Miguel Bezos, the immigrant father of Amazon.com founder Jeff Bezos, has donated $12 million to a Catholic school in Delaware that housed and educated him when he arrived as an unaccompanied minor from Cuba in the early 1960s.

The senior Bezos attended Salesianum School in Wilmington, Delaware, after fleeing post-Revolution Cuba, along with over 14,000 other minors brought to the U.S. through Operation Pedro Pan, a program organized by the Catholic Church with the help of the U.S. government.

Because Catholic social services agencies in Miami receiving the Cuban minors were overwhelmed, dioceses throughout the country began sending children to Catholic facilities and foster families throughout the country. Bezos ended up at a home for boys in Wilmington.

Back then, Father James P. Byrne, of the Oblates of St. Francis de Sales, was put in charge of Casa de Sales, where Bezos was welcomed with other Cuban boys.

"There was a priest in charge of us, and it was a tremendous experience for me. I'm sure you've heard sad stories about what terrible experiences some of the Peter Pan kids had, but for us in Wilmington, we had each other, and we became very close," Bezos said in a 2016 interview posted on the website of the Smithsonian's National Museum of American History.

"To this day, a lot of us still talk to each other and visit once in a while," he said. "We also visit with the priest that was in charge of us. In the middle of all the chaos, it was a wonderful experience."

The donation, announced June 16, honors the priest, who died last year, and will be used for an endowment to fund the Rev. James P. Byrne, OSFS Scholarship.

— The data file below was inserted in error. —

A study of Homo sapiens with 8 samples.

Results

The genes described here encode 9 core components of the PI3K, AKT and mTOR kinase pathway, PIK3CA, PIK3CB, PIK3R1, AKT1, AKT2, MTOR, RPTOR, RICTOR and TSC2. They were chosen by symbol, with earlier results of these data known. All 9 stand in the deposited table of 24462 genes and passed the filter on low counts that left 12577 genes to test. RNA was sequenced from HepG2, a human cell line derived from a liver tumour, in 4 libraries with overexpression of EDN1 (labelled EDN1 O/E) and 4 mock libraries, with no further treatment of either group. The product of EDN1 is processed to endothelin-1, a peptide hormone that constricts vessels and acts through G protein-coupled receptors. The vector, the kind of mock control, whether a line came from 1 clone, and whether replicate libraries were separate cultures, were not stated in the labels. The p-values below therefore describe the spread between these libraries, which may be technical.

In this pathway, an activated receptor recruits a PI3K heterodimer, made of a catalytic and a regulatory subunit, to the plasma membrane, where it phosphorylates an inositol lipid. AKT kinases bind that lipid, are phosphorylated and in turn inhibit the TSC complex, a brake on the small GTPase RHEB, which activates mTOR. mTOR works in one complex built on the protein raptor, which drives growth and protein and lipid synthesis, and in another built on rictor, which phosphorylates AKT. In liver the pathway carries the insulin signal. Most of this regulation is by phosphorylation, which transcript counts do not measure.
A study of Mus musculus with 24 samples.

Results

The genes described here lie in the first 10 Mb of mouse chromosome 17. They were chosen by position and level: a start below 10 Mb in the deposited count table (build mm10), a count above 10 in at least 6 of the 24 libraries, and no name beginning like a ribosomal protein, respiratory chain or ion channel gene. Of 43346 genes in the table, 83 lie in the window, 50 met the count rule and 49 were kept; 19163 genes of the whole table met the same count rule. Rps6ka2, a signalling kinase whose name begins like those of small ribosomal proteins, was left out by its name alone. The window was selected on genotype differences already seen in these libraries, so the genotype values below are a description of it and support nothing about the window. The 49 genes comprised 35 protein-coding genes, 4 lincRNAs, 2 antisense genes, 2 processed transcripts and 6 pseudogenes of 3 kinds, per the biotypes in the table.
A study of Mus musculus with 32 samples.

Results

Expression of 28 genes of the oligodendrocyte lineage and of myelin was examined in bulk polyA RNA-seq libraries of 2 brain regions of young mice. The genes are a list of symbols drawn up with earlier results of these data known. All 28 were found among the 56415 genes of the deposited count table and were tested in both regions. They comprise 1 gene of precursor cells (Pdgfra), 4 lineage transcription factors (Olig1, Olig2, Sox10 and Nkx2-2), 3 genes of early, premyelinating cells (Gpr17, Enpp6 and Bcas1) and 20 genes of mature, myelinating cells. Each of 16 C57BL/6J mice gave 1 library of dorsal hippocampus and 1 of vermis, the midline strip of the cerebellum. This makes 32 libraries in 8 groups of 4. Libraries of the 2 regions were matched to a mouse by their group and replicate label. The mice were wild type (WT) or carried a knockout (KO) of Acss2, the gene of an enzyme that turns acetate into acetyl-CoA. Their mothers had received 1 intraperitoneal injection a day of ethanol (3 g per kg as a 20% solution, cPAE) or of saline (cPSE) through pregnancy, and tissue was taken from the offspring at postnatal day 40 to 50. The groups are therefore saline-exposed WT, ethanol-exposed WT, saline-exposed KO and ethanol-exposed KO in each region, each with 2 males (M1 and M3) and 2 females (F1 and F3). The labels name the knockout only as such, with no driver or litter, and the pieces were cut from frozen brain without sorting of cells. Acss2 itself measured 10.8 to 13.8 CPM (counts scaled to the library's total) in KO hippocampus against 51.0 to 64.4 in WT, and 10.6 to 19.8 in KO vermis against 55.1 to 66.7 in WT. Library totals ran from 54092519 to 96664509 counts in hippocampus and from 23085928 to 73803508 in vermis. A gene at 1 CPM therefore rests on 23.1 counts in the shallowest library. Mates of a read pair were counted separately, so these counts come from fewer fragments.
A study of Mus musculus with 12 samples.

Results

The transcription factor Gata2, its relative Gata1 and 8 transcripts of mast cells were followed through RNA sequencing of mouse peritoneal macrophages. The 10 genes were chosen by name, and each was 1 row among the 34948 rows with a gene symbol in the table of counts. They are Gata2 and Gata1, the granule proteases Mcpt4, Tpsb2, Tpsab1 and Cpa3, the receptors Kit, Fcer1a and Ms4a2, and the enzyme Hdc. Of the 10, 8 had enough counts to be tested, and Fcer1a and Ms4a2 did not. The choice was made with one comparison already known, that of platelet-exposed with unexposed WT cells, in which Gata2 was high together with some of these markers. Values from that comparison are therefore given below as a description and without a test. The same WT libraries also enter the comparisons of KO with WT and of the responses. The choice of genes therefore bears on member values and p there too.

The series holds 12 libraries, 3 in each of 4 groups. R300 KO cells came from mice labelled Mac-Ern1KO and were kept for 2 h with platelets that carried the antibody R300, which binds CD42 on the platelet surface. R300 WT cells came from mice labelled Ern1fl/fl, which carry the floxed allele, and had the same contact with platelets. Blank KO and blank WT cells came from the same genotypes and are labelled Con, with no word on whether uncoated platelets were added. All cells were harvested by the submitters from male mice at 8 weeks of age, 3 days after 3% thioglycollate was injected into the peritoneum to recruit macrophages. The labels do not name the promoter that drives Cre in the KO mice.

Preference will be given to qualified applicants living in Wilmington who are children of immigrants to the United States in recognition of "the school's legacy of educating generations of immigrants," said a news release from the school.

The gift from Bezos and his wife, Jacklyn Bezos, will fund 24 scholarships and also help with incidental expenses such as books, retreats, service trips and college entrance exam fees.

"Mike and Jackie understand the complex obstacles faced by underserved students and wanted to give these students the best path to success," said the Catholic school's president, Brendan Kennealey, according to the news release.

In the 2016 Smithsonian interview, Miguel Bezos describes his experience of leaving his native Cuba and settling in his new country.

Back then, "there wasn't a lot of real anti-refugee, anti-immigration feelings at the time, but obviously you always encounter some negative feelings," he said.

After attending Salesianum, he attended the University of Albuquerque, New Mexico, and then worked for over 32 years at Exxon Mobil.

"I’d like immigrants to know that things are going to be different and that you have to adapt to new things, but you don't have to lose your identity. Things are not going to be like back home," he said in the Smithsonian interview.

"On the other side, for those that are receiving new neighbors," he added, "the best thing that you can do is to help them assimilate. There is always that need to compromise on both sides."